Sexually transmitted diseases research leads to policy changes in Nanjing

TDR news item
27 July 2010

Nanjing hosts the National Center for Sexually Transmitted Diseases (STI) Control and National Center for Leprosy Control, managed within the China Centers for Disease Control (CDC). This group of clinical care and research centres began translating and using WHO documents, training courses and workshops in 1988. The institute went on to become a WHO Collaborating Centre on STI Prevention and Control in July, 2001, and since 2002, has been 1 of 8 TDR study sites for the international network of clinical and laboratory-based evaluations of sexually transmitted infection tests.

Using TDR guidance to monitor and reduce syphilis

Monitoring and controlling syphilis outbreaks requires very sensitive diagnostic tools, so the country decided to invest in identifying the appropriate tools for this. Using TDR guidance, their work led to the use of 3 approved rapid diagnostic tests (RDTs) and the development of recommendations for how to use these tests in national policy. As a result, at risk pregnant women now get tested and treated immediately, and all couples planning to get married are provided with free syphilis screening with these tests.

"This is huge," said Xiang-Sheng Chen, MD, PhD, Vice Director of the National Center for STD Control. "We used this exercise to expand the capacity to detection in the township and rural areas." Dr Chen told TDR board members during a recent site visit that this support had made critical improvements in three areas:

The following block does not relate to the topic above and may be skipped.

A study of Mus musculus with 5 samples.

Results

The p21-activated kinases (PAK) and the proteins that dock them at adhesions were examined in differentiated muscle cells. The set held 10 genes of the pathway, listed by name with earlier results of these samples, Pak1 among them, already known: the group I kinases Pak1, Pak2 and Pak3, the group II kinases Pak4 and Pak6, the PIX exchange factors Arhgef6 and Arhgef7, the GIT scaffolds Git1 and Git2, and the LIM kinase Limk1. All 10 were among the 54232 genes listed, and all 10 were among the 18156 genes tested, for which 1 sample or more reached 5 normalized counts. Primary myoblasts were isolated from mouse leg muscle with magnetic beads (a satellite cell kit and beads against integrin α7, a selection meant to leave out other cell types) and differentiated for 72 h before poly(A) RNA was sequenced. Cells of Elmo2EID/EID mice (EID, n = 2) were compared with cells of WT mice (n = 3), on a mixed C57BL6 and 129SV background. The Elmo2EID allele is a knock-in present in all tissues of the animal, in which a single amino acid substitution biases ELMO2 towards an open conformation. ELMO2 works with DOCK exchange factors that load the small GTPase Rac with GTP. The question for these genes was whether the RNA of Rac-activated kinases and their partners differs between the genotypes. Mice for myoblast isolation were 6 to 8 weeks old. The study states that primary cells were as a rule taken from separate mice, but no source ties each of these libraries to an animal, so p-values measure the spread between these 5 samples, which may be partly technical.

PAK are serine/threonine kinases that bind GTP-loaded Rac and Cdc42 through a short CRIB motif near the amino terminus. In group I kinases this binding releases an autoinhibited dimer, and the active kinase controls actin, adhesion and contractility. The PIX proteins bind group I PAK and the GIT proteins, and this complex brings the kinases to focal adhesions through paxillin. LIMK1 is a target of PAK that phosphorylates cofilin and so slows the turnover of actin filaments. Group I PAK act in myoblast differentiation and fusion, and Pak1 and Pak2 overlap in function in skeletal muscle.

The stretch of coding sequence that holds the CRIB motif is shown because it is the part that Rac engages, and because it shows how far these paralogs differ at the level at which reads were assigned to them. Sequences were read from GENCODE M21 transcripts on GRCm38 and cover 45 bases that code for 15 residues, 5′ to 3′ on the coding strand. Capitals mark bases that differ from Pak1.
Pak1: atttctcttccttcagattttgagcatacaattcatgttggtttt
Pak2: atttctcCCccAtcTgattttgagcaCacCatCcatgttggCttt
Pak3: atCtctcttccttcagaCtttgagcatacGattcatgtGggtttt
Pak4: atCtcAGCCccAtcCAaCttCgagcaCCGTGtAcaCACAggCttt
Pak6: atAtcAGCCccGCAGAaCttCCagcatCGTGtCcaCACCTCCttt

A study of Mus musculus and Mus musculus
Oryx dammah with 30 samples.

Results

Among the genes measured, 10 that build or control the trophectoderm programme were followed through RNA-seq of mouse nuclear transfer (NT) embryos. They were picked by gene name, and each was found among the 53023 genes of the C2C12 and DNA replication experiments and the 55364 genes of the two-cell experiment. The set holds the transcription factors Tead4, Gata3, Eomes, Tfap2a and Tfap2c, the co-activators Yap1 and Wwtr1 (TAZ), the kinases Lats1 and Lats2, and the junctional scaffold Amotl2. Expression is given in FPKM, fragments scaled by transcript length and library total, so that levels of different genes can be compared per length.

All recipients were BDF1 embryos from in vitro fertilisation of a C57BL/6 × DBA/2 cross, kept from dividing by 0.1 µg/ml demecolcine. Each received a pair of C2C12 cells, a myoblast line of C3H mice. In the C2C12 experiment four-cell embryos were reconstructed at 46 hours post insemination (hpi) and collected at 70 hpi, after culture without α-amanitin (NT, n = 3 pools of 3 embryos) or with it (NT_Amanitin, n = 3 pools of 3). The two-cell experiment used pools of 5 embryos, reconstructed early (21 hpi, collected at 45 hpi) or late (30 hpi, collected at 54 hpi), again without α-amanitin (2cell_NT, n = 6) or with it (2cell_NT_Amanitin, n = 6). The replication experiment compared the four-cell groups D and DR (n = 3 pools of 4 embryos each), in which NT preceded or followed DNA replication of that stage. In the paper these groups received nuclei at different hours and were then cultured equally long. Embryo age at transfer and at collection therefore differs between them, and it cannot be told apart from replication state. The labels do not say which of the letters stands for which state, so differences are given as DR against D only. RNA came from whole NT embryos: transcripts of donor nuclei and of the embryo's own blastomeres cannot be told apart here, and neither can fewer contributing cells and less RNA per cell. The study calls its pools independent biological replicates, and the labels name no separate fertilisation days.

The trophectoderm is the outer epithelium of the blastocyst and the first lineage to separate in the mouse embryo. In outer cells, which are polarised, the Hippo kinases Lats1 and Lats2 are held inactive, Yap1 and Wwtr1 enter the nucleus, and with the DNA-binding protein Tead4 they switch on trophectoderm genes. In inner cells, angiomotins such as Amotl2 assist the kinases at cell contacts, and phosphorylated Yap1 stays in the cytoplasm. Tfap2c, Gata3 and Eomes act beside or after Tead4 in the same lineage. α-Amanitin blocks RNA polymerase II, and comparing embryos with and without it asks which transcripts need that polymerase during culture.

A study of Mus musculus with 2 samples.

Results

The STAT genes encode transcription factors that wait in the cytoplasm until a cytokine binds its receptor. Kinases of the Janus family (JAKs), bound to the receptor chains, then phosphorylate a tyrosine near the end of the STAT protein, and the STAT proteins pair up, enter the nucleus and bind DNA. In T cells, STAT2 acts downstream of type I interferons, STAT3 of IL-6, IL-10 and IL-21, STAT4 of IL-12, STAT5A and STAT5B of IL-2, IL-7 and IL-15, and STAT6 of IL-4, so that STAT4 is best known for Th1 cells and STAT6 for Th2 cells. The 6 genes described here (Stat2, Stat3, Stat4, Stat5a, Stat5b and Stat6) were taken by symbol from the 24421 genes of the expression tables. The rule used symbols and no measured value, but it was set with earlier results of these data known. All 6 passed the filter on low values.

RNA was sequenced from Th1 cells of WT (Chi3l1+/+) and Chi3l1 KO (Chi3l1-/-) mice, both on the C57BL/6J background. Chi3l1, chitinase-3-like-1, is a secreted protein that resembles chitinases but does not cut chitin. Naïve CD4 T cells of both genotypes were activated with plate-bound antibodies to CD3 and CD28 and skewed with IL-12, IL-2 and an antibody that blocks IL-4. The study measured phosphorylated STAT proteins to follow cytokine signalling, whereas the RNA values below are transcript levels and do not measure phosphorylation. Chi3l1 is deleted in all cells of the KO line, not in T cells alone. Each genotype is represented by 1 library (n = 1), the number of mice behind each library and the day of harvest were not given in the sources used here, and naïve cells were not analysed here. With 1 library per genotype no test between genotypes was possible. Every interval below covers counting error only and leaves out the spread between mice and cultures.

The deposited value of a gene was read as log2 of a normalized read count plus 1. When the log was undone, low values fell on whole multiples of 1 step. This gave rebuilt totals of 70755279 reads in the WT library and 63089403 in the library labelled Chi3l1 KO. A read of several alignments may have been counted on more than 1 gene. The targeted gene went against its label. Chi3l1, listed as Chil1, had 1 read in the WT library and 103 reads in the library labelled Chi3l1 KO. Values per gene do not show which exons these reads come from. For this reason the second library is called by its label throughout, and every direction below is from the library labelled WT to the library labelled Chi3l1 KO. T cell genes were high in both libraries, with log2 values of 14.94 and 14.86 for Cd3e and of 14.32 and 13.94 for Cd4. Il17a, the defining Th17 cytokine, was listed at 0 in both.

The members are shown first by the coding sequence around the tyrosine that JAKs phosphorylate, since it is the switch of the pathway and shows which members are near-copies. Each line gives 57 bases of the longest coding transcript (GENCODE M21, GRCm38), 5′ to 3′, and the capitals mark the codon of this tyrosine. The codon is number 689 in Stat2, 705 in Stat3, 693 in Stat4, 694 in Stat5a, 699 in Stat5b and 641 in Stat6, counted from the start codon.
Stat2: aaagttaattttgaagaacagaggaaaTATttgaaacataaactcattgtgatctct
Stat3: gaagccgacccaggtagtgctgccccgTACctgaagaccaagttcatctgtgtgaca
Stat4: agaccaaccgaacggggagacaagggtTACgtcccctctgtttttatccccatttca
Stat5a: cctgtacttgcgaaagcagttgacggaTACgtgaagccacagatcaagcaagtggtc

• Establishing research evidence: identifying what works scientifically
  • Publishing papers: disseminating the evidence to the research community
  • Developing policy: integrating the evidence into improved policies and practices

Today, the group is using the expanded research and advocacy capacity to look at other issues, and to also provide training and guidance to colleagues in China and other countries. They have strengthened multi-sectoral cooperation, created working mechanisms between public health and medical care facilities, and have expanded interventions beyond the highest risk groups.

"We have benefited a lot from our cooperation with TDR and WHO," said Dr Chen. "We look forward to having more and deeper cooperation with TDR, WHO, the World Bank and other international organizations to facilitate the prevention and control of STIs including HIV in China."